The AT7-1 well, which had encountered traces of oil and gas, has been plugged and abandoned, the Edinburgh-based company said today in a statement. The AT2-1 well, the last of five drilled this year, was also abandoned after reporting only “minor hydrocarbon shows.” The company will evaluate its program next year and seek partners for investment.
“Effectively these are write-offs, though there were some encouraging signs,” said Richard Rose, an oil analyst at Oriel Securities Ltd. “That’s the end of the program, rigs are going to disappear, and we won’t see any drilling there next year.”
Cairn’s eight-well program, spread over two years, was one of the industry’s most advanced efforts to find oil in Arctic waters and drew protests from activists who said it risked damaging a pristine environment. Exxon Mobil Corp., Chevron Corp., Royal Dutch Shell Plc and Statoil ASA hold licenses to explore off Greenland, an autonomous Danish territory of 56,000 people.
Cairn fell as much as 5.9 percent to 258.8 pence in London, the biggest decline in two months. The shares are down 38 percent this year and traded at 264 pence at 11:48 a.m.
The unsuccessful Greenland campaign may raise concern that the company, which also has exploration licenses in Spain, may need to find a new focus after it agreed to sell a majority interest in its Indian business to Vedanta Resources Plc last year. The company has been waiting for more than a year to get approval for the deal.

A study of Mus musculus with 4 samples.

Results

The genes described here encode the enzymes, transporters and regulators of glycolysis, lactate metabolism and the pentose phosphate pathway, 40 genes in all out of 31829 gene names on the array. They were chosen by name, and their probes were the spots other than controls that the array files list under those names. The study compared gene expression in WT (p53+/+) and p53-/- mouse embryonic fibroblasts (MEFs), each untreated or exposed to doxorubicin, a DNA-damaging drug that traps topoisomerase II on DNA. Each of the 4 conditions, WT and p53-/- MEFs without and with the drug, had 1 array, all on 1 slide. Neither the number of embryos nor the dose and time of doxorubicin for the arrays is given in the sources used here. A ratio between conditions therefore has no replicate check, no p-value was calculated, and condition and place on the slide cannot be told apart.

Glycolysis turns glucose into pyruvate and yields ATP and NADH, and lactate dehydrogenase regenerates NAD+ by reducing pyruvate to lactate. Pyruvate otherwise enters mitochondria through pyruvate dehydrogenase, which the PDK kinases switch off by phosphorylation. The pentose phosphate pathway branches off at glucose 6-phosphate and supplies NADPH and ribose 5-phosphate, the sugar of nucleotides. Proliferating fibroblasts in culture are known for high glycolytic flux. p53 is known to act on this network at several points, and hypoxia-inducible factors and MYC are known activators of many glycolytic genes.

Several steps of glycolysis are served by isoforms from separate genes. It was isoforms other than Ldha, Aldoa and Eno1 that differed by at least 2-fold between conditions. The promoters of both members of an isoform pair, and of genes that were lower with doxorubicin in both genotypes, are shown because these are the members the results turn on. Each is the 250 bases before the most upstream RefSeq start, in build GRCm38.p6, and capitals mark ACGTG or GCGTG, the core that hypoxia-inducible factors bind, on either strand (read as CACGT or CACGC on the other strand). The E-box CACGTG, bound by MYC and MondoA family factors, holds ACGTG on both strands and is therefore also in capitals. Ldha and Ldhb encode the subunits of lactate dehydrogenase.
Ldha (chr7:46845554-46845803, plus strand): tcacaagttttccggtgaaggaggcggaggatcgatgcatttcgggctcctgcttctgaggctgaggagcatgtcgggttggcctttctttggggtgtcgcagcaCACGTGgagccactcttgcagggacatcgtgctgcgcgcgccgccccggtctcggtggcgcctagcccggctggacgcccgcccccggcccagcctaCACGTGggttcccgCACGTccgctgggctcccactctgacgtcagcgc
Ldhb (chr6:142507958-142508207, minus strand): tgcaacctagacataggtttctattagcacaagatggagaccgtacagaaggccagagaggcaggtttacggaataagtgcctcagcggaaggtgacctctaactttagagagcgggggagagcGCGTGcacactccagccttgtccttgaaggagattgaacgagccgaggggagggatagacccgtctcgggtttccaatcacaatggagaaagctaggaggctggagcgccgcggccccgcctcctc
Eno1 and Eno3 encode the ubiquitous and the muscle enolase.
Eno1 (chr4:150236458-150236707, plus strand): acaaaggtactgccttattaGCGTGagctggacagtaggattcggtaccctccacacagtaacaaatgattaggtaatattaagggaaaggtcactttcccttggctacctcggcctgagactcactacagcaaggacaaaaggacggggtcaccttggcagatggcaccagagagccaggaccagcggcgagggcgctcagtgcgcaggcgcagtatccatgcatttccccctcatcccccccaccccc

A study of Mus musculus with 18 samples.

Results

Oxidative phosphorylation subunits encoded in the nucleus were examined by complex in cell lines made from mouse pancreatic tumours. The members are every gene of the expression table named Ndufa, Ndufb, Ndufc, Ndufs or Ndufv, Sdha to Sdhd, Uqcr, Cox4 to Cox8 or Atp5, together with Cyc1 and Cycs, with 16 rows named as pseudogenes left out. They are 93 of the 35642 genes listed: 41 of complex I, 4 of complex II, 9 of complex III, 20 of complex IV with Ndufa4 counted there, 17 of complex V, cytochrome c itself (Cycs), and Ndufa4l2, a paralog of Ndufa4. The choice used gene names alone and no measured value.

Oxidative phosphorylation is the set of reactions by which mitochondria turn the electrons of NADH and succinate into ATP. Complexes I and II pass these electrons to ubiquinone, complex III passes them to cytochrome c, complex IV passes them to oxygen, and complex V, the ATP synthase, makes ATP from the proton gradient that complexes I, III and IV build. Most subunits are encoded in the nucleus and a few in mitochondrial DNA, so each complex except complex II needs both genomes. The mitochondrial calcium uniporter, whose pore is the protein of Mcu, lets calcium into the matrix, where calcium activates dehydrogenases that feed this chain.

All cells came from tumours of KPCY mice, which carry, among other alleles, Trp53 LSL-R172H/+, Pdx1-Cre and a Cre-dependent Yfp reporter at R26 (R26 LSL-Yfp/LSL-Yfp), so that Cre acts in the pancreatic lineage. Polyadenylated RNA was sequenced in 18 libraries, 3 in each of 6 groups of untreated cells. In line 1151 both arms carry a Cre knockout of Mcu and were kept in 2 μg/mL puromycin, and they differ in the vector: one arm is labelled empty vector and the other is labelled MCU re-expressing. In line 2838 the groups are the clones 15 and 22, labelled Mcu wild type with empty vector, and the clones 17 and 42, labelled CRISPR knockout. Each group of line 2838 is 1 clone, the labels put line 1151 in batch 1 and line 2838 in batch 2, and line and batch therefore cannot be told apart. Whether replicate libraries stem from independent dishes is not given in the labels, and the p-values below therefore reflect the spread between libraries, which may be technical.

‘Ingredients for Success’
“The first phase of Cairn’s exploration program in Greenland has encountered oil and gas shows across multiple basins and now reservoir-quality sands in the Atammik block,” Chief Executive Officer Simon Thomson said in a statement. “Whilst we have yet to make a commercial discovery we remain encouraged that all of the ingredients for success are in evidence.”
Greenland’s oil and gas resources may total 50 billion barrels, according to the U.S. Geological survey. That’s more than the U.S.’s proven crude reserves.
Cairn said it had spent $573 million this year on the unsuccessful Greenland campaign as of the end of September, before the last two wells were completed. The company drilled three exploration wells in 2010. Mike Watts, head of exploration, said in January that Cairn was prepared to spend up to $1.2 billion in Greenland on 10 to 12 wells.
About 20 Greenpeace activists were arrested in July after storming Cairn’s Edinburgh office dressed as polar bears. In August, Greenland’s government said it will publish the company’s contingency plan for an oil spill.
“However the company tries to spin this, Cairn’s Greenland misadventures have been an unmitigated disaster from day one,” Greenpeace said in a statement. “The incredible technical, economic and environmental risks of operating in the Arctic simply aren’t worth it.”